Tuesday 24 October 2017

Driver who killed two people in crash loses constitutional challenge into report over his blood-alcohol levels


Michael Harty (31), of St Mary's Terrace, Askeaton, Co Limerick, had pleaded not guilty at Limerick Circuit Criminal Court to dangerous driving causing the deaths of Maurice Hartnett (61) and his wife Margaret (59) at Ardtomin, Askeaton on the evening of July 29, 2009.

Having been found guilty by a jury, Harty was given a five-year sentence and banned from driving for 30 years by Mr Justice Carroll Moran on January 25 2013.

Harty had been granted bail pending an appeal but this was dismissed last May.

In a judgment delivered today, the Court of Appeal stated its reason which held that in the circumstances of the case, Harty's consent for the release of the toxicolody report to the gardaí was not in fact required.

Giving judgment, Mr Justice Garrett Sheehan said the collision occured at an area governed by an 80 kph speed limit and the approach was covered by signs indicating the presence of dangerous bends.

The prosecution's case was that the collision occured on Mr Hartnett's side of the road and that Harty's driving was impaired due to the consumption of alcohol.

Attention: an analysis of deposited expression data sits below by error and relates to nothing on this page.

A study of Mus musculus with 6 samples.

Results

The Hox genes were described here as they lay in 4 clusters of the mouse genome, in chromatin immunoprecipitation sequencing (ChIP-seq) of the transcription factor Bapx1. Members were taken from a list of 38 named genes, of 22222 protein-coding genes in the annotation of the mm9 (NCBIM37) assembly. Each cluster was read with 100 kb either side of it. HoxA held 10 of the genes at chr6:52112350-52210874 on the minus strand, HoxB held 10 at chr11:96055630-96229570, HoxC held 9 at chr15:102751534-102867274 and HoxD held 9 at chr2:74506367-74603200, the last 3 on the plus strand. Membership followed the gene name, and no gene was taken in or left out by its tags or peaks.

A blood sample was taken from him by nurses at Limerick University Hospital that evening.

Mr Justice Sheehan said Harty was entitled to expect that his medical records would in general be kept private because of the hospital/patient relationship.

It should be noted, the judge said, that he was unconscious at the time the gardaí sought to obtain a blood alcohol level report from the treating doctor.

He subsequently signed a consent form but that related to only one medical report and was given without being cautioned.

His barrister, Anthony Sammon SC, submitted that even if there was a means by which the gardaí could obtain such a report, it required judicial intervention akin to a search warrant.

Mr Justice Sheehan said the “exigencies of the common good” included, undoubtedly, a public interest in the prosecution of persons suspected of having committed serious crimes and the need for gardaí to gather evidence.

It was reasonable for the garda to request the records and for the hospital to release them.

His interest in keeping the records private was not sufficient to override the public interest in the gardaí being able to secure the results of the toxicology tests where he had been driving a relevant vehicle and was suspected of being under the influence.

To the extent that the garda action may have interfered with Harty's privacy, it was a proportionate interference having regard to the greater public interest and was necessary in the circumstances of the case.

Equally, any claim to confidentiality must also fail for the same reason, Mr Justice Sheehan said.

In the circumstances of the case, his consent was not in fact required for the release of the toxicology report.

Accordingly, Mr Justice Sheehan, who sat with Mr Justice George Birmingham and Mr Justice John Edwards, dismissed the appeal.